Jewish History rocks. It’s filled with pebbles, stones, and boulders that simultaneously cry, laugh, and sing. All form the foundation of contemporary Jewish life. So how does the Jewish educator create enthusiasm among teens to hear the objects’ stories? After all, today’s students are often more interested in TikTok than Masada rock. And they no longer need to memorize facts and dates as their teachers once did; they carry a device that quickly accesses virtually every book, sacred text, and tale humans ever recorded. With that in mind, today’s educator needs to be prepared to help students understand how a moment, era, or trend in Jewish History is relevant today. Let’s look at a few examples of how I do this in my own classroom.

For students learning about the Ten Lost Tribes of the Kingdom of Israel, the year 722 BCE is incomprehensible. Thus, after learning about the invasion of northern Israel by the Assyrians, leaving only the southern Kingdom of Judah intact, students jump into the living remnants of that time and place. In an exercise called “Find A Lost Tribe,” they are divided into groups of two or three and are assigned one of the many communities around the globe claiming descent from ancient Israel—including far-flung groups in Papa New Guinea (tribal warriors who have a rallying cry of “Shema Yisrael”), ethnic Chinese Jews in Kaifeng, and the Lemba of Southern Africa (who make claim to the “kohen gene”). Students research and prepare a presentation on the group’s history, their claim to be part of ancient Israel, how their identity as Israelites is manifested, their place in their country’s broader society, and more.

As part of a unit focusing on the end of the Second Temple era, there are number of key issues which connect to realities in contemporary Jewish life. The exploration of Herod leads students to being able to respond to the question of whether Herod—with his megalomaniacal and murderous characteristics—was ultimately “good or bad for the Jews.” An examination of ancient sectarianism connects easily to learning about today’s various Jewish streams. Studying the Great Revolt against Rome (66-70 C.E.) opens up the legend and the history of Masada. This is done by exploring the desert fortress via photos, articles, and videos, followed by a written exercise focusing on Masada’s shifting meaning to Jews from the ancient era to various phases in pre-state, early, and now contemporary Israel. This includes why Diaspora and Israeli Jews view the remarkable site through different lenses.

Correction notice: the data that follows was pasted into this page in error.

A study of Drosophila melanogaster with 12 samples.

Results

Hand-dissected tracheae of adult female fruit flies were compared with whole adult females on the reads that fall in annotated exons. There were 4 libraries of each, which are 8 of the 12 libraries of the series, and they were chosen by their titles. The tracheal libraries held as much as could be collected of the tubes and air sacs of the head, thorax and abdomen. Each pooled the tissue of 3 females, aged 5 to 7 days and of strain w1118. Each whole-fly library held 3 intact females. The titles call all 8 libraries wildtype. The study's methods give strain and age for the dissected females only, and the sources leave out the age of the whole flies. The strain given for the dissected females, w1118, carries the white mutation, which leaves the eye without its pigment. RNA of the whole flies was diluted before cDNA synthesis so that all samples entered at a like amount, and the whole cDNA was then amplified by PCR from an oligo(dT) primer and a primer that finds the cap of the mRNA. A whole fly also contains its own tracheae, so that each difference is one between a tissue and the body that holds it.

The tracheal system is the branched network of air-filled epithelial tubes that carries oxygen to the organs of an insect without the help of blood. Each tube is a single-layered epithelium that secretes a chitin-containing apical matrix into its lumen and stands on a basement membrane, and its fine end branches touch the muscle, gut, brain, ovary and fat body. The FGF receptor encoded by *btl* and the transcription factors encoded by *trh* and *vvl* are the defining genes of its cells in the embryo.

Here’s another example. After several weeks of studies about American Jewish life in the Civil War era, ninth graders put themselves in the mindset of Jewish soldiers from the North or the South. They write letters home on the eve of battle or to relatives in Germany or Poland. They must include paragraphs exploring their faith in the God of Israel, a sense of patriotism, fear and worry about family, etc.

And yet one more. Near the end of a senior-year course on Israel, students might be offered a unit called “What Makes Tel Aviv Cool?” After studying the creation of the city in 1909—surely one of the Zionist movement’s greatest successes—the teens pick a Tel Aviv venue they’d like to visit. Past choices have included the city’s raucous nightclub scene, trendy Rehov Shenkin, and even a venue called “Dialogue in the Dark,” which helps seeing people understand a blind person’s experience. As with all their projects, they research and present and evaluate each other’s projects. As a result of their choices, focusing on Israel as a real place, they nurture a life-long, meaningful bond with the history of the land’s places and peoples.

Linking the past with the present challenges the teacher and stretches the students. This approach has helped my students learn with increasing depth as they build new foundations of Jewish identity and connection.